Youth Forward Scholarship 2017 – Social Studies and Syrian Refugees

Name: Lane Elder
From: Tucker, GA
Grade: Junior
School: Homeschooled
Votes: 0


In September 2015, one image, the refugee boy washed up on the shore
of Greece, drew the world’s attention to the effects of war in
Syria. Two months later, the attacks of gunmen and suicide bombers
in Paris outraged the rest of the world and started a new wave of
fear of the Middle East. The overwhelming public opinion on Syrian
refugees went from inclusiveness to “keep them away from America at
all costs”, and up until a few weeks ago, I thought was only an
observer.

Clarkston, Georgia, just minutes from my house, has been called the
most ethnically diverse square mile in America and is home for
thousands of refugees who have fled their homeland because of
persecution. I serve this community by tutoring elementary
school-age children. Some of the children I work with have been in
the United States for only a few months, and struggle to keep up with
their classes because they are just learning English. I not only help
the children complete homework assignments – often reading the
instructions at the top of the page presents the largest challenge –
but lead them in activities to develop reading comprehension and math
skills.

Actually, I’ve been volunteering for two hours weekly ever since
fifth grade. Added up total, it comes out to over 300 hours in high
school alone. Why do I donate my time every week during a season of
life that is already stressful enough? First of all, seeing kids
improve throughout the school year is so encouraging. I treasure this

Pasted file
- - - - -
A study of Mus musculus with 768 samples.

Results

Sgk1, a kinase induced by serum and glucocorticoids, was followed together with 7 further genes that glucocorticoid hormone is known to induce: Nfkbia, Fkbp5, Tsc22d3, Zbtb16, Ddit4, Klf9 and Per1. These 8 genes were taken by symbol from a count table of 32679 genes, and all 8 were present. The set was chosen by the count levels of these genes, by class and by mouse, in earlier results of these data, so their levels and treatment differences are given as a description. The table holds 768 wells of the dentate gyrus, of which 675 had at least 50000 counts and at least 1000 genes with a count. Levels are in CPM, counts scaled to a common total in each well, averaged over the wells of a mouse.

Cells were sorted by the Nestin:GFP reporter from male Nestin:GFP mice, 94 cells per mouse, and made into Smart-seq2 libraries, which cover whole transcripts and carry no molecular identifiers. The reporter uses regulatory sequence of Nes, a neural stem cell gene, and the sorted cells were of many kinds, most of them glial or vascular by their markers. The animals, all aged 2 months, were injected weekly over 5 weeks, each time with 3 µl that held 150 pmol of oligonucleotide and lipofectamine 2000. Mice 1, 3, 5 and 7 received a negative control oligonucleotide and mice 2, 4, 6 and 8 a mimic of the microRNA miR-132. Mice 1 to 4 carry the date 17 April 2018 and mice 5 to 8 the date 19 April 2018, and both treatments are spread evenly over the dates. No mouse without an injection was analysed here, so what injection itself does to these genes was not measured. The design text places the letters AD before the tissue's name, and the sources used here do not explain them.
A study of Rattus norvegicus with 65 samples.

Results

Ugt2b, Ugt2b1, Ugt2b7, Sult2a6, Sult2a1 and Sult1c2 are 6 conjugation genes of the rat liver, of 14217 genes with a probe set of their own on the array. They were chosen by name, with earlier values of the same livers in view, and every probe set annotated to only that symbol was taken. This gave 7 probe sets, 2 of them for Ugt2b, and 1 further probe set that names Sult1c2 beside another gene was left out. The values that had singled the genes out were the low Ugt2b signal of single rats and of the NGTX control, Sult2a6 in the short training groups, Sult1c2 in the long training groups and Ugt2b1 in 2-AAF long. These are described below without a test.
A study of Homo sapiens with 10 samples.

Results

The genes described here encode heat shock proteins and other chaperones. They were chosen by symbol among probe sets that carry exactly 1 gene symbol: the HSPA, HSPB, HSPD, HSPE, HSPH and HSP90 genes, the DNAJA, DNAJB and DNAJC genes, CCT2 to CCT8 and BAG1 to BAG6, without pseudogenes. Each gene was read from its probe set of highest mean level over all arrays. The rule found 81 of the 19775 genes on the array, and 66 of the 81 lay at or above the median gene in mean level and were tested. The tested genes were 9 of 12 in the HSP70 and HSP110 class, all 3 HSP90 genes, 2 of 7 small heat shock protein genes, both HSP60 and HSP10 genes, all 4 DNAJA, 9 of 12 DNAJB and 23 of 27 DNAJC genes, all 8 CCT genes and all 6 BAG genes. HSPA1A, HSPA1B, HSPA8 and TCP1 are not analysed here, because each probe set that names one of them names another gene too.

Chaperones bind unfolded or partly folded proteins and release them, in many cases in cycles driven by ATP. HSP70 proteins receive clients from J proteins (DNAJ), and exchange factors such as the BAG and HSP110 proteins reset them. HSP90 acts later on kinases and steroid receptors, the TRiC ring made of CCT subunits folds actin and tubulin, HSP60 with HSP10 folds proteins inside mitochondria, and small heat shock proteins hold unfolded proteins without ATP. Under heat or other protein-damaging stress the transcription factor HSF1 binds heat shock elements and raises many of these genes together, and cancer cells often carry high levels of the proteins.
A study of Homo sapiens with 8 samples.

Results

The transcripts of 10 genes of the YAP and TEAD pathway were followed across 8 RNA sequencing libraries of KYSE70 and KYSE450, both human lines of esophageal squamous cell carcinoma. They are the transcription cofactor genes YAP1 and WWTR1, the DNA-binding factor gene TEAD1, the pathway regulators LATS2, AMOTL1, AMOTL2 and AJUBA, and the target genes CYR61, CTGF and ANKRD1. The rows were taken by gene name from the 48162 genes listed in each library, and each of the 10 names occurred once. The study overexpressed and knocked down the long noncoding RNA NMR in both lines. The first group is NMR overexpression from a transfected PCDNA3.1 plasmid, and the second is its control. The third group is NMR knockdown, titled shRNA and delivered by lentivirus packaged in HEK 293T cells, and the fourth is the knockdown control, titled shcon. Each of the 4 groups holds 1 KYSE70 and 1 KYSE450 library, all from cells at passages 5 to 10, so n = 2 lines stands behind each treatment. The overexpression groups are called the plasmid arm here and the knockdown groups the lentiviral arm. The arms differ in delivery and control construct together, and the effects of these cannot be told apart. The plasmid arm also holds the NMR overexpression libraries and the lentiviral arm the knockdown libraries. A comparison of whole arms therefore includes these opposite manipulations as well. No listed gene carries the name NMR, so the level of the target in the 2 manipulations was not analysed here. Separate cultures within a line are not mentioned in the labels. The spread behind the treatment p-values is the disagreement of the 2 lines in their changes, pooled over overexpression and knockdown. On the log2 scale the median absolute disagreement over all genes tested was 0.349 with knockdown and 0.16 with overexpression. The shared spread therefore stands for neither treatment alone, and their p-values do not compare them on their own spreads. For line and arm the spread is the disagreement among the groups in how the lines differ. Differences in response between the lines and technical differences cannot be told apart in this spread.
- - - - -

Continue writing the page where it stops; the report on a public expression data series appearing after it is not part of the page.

opportunity to show compassion to children who have been through the
unimaginable to get to America. It’s something that’s easy to
say, but hard to remember week in and week out when the kids talk
back to you, or forget every math fact you’ve helped them study
over the past month!

Recently, a Syrian family came to the tutoring center for the first
time. A mother walked in in traditional headdresses, leading three
children and carrying a baby. The kids names are Cedra, Aya, and
Ziad, and as I went to go look at their social studies assignment, I
quickly discovered that they spoke no English at all! So of course,
we started going over the ABC’s. The whole time, I marveled at
what this family probably experienced to get here. The news preaches
on the turmoil of ISIS in Syria, and here were refugees who had lost
their homes and fled here. Now they simply needed help adjusting and
learning how to do homework.

I will be attending Georgia Tech this fall. One of the benefits of
attending a school in downtown Atlanta is that the location is merely
miles away from the Clarkston community. I may not be able to make a
tangible difference in the political turmoil in the Middle East.
However, I plan on continuing to go to Clarkston, reaching out, and
helping Cedra, Ziad, and Aya with their homework.